Overview

Comprehensive Description

Biology

Occurs usually in clear water over gravel in springs and spring-fed creeks.
  • Robins, C.R., R.M. Bailey, C.E. Bond, J.R. Brooker, E.A. Lachner, R.N. Lea and W.B. Scott 1991 Common and scientific names of fishes from the United States and Canada. Am. Fish. Soc. Spec. Pub. (20):183 p. (Ref. 3814)

endemic to a single state or province


United States

Origin: Native

Regularity: Regularly occurring

Currently: Present

Confidence: Confident

Type of Residency: Year-round



This species' range includes the Nueces River drainage, Edwards Plateau, Texas (Page and Burr 2011). MtDNA data (Richardson and Gold 1995) indicate that Cyprinella lepida occurs in the Frio and Sabinal rivers (Nueces River system) and that an undescribed species occurs in the Nueces River proper.
  • Page, L.M. and B.M. Burr 1991 A field guide to freshwater fishes of North America north of Mexico. Houghton Mifflin Company, Boston. 432 p. (Ref. 5723)

Size

Length: 6 cm


7.5 cm TL (male/unsexed; (Ref. 5723))
  • Page, L.M. and B.M. Burr 1991 A field guide to freshwater fishes of North America north of Mexico. Houghton Mifflin Company, Boston. 432 p. (Ref. 5723)

Syntype for Cyprinella lepida
Catalog Number: USNM 126
Collection: Smithsonian Institution, National Museum of Natural History, Department of Vertebrate Zoology, Division of Fishes
Preparation: Dry Osteological Specimen
Collector(s): C. Kennerly
Locality: Rio Frio, Texas., Uvalde County, Texas, United States, North America
  • Syntype:

Habitat

Habitat Type: Freshwater

Comments: Habitat includes clear, cool, springs and spring-fed headwater creeks (Mayden 1989), usually over gravel (Page and Burr 2011).


Habitat and Ecology
Habitat includes clear, cool, springs and spring-fed headwater creeks (Mayden 1989), usually over gravel (Page and Burr 2011).

Systems
  • Freshwater

benthopelagic; freshwater

Non-Migrant: Yes. At least some populations of this species do not make significant seasonal migrations. Juvenile dispersal is not considered a migration.

Locally Migrant: No. No populations of this species make local extended movements (generally less than 200 km) at particular times of the year (e.g., to breeding or wintering grounds, to hibernation sites).

Locally Migrant: No. No populations of this species make annual migrations of over 200 km.


Number of Occurrences

Note: For many non-migratory species, occurrences are roughly equivalent to populations.

Estimated Number of Occurrences: 1 - 5

Comments: This species is represented by a small number of occurrences; apparently it occurs in only two rivers (Frio and Sabinal).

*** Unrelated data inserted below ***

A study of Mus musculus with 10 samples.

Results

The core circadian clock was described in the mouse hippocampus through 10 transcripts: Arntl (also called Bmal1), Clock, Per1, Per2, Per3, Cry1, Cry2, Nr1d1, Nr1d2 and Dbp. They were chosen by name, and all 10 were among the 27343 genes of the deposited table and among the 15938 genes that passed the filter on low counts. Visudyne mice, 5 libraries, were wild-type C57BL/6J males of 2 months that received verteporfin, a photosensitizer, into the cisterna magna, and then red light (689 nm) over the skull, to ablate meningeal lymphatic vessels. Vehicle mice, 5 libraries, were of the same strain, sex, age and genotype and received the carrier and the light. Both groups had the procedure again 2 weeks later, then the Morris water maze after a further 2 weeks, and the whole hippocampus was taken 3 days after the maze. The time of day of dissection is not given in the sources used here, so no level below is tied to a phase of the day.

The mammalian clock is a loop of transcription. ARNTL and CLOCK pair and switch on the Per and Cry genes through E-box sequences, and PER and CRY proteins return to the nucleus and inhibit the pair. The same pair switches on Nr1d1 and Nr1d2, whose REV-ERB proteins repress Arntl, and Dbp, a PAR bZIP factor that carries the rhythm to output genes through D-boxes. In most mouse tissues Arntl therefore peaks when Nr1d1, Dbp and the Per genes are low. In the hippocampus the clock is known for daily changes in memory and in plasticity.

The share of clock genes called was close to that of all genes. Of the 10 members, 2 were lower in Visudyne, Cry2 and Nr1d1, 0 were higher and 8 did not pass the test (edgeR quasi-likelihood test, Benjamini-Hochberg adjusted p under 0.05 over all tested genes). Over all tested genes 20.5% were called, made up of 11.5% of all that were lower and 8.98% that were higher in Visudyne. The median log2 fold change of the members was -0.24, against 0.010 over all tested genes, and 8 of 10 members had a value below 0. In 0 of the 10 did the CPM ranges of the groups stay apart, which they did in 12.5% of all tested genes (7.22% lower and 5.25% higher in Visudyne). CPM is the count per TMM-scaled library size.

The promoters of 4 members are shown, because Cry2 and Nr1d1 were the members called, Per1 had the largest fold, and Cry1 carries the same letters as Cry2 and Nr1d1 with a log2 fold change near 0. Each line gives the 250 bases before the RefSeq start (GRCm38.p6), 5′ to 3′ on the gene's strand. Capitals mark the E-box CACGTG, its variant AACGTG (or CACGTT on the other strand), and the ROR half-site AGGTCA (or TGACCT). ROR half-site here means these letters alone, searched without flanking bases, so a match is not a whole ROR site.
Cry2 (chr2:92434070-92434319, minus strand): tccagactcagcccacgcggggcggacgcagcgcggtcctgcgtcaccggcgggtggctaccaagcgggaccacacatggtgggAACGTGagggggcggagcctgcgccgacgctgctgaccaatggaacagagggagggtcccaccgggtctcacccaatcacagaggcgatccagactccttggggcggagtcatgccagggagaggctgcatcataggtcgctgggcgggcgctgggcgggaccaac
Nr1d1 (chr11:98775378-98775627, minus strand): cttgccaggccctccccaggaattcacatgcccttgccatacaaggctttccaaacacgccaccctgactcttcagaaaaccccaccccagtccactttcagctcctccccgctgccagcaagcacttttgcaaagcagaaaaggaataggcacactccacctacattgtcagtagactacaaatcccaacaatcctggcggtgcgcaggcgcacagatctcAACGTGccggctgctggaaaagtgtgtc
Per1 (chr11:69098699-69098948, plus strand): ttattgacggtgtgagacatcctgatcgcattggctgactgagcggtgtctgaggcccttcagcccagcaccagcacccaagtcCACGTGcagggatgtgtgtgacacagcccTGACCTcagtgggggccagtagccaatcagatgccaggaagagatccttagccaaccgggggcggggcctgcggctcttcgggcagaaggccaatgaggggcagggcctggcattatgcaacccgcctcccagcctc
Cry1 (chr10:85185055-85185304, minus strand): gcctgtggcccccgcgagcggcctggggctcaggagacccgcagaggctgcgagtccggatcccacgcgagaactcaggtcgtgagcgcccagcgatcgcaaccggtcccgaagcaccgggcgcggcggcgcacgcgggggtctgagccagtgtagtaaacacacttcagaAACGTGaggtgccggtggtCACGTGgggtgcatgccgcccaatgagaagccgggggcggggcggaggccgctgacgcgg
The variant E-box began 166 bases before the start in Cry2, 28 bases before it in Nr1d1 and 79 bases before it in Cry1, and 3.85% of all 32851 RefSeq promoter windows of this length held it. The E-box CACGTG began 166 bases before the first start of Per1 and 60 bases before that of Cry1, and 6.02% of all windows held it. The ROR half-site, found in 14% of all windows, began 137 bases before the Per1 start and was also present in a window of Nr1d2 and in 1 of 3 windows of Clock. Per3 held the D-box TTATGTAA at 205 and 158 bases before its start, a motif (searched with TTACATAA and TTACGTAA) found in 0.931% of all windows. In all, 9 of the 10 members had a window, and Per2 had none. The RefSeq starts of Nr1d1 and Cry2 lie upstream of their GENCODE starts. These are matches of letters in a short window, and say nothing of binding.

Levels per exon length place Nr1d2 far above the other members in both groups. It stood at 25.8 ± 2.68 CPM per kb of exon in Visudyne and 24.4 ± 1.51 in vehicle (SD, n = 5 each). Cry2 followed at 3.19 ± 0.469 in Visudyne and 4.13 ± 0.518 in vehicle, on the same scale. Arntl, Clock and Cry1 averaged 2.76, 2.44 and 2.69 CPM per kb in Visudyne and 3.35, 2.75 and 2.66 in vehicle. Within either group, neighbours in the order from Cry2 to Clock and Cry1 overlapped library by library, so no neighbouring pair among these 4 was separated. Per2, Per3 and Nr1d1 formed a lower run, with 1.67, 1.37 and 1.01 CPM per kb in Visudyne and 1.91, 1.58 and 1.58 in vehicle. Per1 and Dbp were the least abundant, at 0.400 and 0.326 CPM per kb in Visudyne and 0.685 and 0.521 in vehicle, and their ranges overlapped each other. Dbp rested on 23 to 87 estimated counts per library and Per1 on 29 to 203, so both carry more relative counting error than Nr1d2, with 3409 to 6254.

Conservation Status

National NatureServe Conservation Status

United States

Rounded National Status Rank: N1 - Critically Imperiled


Rounded Global Status Rank: G1 - Critically Imperiled

Reasons: Small range in the spring-fed Frio and Sabinal rivers in central Texas; abundance has declined appreciably over the past two decades; threatened by habitat alteration.



Red List Category
EN
Endangered

Red List Criteria
B2ab(iii)

Version
3.1

Year Assessed
2013

Assessor/s
NatureServe

Reviewer/s
Smith, K. & Darwall, W.R.T.

Contributor/s

Justification
This species is listed as Endangered because the area of occupancy is less than 500 sq km, the species occurs in fewer than 5 locations, and habitat quality may be declining.

Comments: Trend over the past 10 years or three generations is uncertain but likely still declining.


Population
This species is represented by a small number of occurrences; apparently it occurs in only two rivers (Frio and Sabinal).

Abundance has declined appreciably since 1975-1980, especially in the Sabinal River (Richardson and Gold 1995).

Trend over the past 10 years or three generations is uncertain but probably still declining.

Population Trend
Decreasing

Endangered (EN) (B2ab(iii))
  • IUCN 2006 2006 IUCN red list of threatened species. www.iucnredlist.org. Downloaded July 2006.

Threatened by habitat alteration resulting from dewatering, overgrazing by cattle, and possible stream pollution from pesticides and other agricultural chemicals (Richardson and Gold 1995).

Conservation Actions

Conservation Actions

This species would benefit from habitat restoration, improved habitat protection and management, species management, and better information on distribution, abundance, population trend, and threats.


Taxonomy

Comments: Removed from genus Notropis and placed in genus (formerly subgenus) Cyprinella by Mayden (1989); this change was adopted in the 1991 AFS checklist (Robins et al. 1991). Formerly included in C. lutrensis (see Matthews 1987), with which lepida has hybridized, but only after dredging operations had started in the Guadalupe River (Mayden 1989). Natural hybridization with C. venusta has been reported.

Richardson and Gold (1995) examined restriction site variation of mtDNA and found that C. lepida in the Frio and Sabinal rivers is distinct from C. lepida in the Nueces River. They concluded that the population in the Nueces River is not the same species as that represented in the Frio and Sabinal rivers. Acknowledging a potentially confusing nomenclatural problem, they referred to the Frio-Sabinal populations as C. lepida and the Nueces population as Cyprinella sp. The problem is that although C. lepida was described from Frio River samples, almost all of the morphological information reported under the name C. lepida is from fishes from the Nueces River. Broughton and Gold (2000) examined mtDNA variation in Cyprinella and found that this species was not monophyletic and thus may represent multiple species.